Pret-a-Reporter

Tony Awards: Mark Hamill Talks About Carrie Fisher

Gerardo Mora / Stringer
Mark Hamill

“Mentally we should picture her looking down from the stars and extending her middle finger to us,” he says.

Mark Hamill has been vocal about many subjects (one in particular) on Twitter as @HamillHimself, but he’s all about right place, right time when considering his role at tonight’s Tony Awards. “I’m the host of the buzzkill segment of the evening, the In Memoriam segment, so there’s no room for a Trump joke or witty remarks,” he says.

Hamill is a natural choice for this year’s tribute, which will include among its honorees both Carrie Fisher and Debbie Reynolds, who passed away within a day of each other late last December. “I wasn’t as close to Debbie as I was to Carrie, but I certainly knew her and loved her deeply,” Hamill says. “It was a terrible one-two punch; worst Christmas ever.”

 

He also confirmed that Star Wars fans especially will miss Fisher when the as-yet-untitled Episode IX arrives in theaters May 24, 2019. “Usually her timing was exquisite, but among the reasons it’s terrible that she won’t be with us is that she was the pivotal character [in that film],” he says. “And I also look at it selfishly: She was just hilarious. Sometimes I wouldn’t want to go out and do certain things to promote [The Force Awakens], but then I’d find out Carrie would be there, and I’d say OK, because then I knew it would be fun.”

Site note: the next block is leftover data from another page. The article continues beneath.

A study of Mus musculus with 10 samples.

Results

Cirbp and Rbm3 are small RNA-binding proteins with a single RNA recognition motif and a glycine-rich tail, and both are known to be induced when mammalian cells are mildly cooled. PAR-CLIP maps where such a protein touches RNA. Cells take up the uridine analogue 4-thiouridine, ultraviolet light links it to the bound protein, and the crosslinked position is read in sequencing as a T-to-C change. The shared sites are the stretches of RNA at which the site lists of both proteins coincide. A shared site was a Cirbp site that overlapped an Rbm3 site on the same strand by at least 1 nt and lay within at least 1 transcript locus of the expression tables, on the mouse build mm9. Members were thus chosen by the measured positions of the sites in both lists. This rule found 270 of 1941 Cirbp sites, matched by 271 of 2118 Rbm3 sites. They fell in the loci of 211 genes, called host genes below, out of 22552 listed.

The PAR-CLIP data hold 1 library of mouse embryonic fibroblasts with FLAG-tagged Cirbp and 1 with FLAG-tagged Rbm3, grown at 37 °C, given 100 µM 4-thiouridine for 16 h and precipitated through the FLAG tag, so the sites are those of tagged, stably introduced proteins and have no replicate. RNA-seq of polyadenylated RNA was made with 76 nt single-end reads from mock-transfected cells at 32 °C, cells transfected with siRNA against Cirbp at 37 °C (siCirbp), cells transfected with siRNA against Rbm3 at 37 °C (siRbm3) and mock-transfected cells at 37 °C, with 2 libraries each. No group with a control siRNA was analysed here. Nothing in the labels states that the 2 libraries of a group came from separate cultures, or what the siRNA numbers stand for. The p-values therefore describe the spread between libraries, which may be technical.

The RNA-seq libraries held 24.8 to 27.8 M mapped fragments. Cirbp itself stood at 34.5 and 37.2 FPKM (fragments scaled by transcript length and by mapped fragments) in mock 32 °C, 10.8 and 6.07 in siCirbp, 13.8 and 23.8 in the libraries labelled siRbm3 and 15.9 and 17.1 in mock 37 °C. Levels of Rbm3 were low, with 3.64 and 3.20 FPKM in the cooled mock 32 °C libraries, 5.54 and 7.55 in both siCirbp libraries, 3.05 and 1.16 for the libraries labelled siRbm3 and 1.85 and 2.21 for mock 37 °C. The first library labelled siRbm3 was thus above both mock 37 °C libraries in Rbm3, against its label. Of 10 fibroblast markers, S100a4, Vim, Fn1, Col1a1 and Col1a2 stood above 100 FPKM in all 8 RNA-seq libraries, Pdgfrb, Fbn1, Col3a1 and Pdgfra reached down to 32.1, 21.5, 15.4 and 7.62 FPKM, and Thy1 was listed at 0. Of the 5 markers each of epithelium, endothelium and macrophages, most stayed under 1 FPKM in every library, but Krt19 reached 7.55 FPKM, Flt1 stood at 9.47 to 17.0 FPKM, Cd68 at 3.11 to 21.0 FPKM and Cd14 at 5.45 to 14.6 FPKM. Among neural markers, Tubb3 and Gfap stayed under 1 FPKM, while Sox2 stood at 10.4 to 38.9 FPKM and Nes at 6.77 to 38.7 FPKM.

While he may be forever associated with Luke Skywalker, make no mistake: Mark Hamill is a theater geek. He studied drama at Los Angeles City College and appeared on Broadway five times, including opposite Christine Ebersole (a Tony nominee tonight for War Paint) in 1985’s Harrigan 'n' Hart; unfortunately that show only lasted four performances. “We’re based in L.A., but every time I come back, I want to see theater; the siren definitely calls,” he says. “What I’m always amazed at is when you don’t have great expectations, and then you’re surprised by something that’s just wonderful.”

Groundhog Day is one example, he says. “Everyone remembers the premise of the film, but [the Broadway production] plumbed such emotion and depth out of it, and the staging was just beyond,” Hamill notes. “I also really loved War Paint, not only because Christine once played my wife, but it was so compelling, a great story about two pioneer women heading companies when that just didn’t happen. And then of course you have two of the most amazing women starring in it, Christine Ebersole and Patti LuPone. They’re just peeling the paint off the place.”

That sounds a little like the two women who are among those Hamill will be honoring on the Tony Awards stage. “Listen, Carrie would never want us to be sad,” he says. “Mentally we should picture her looking down from the stars and extending her middle finger to us. That was Carrie; she knew how to have fun and not take everything so seriously.”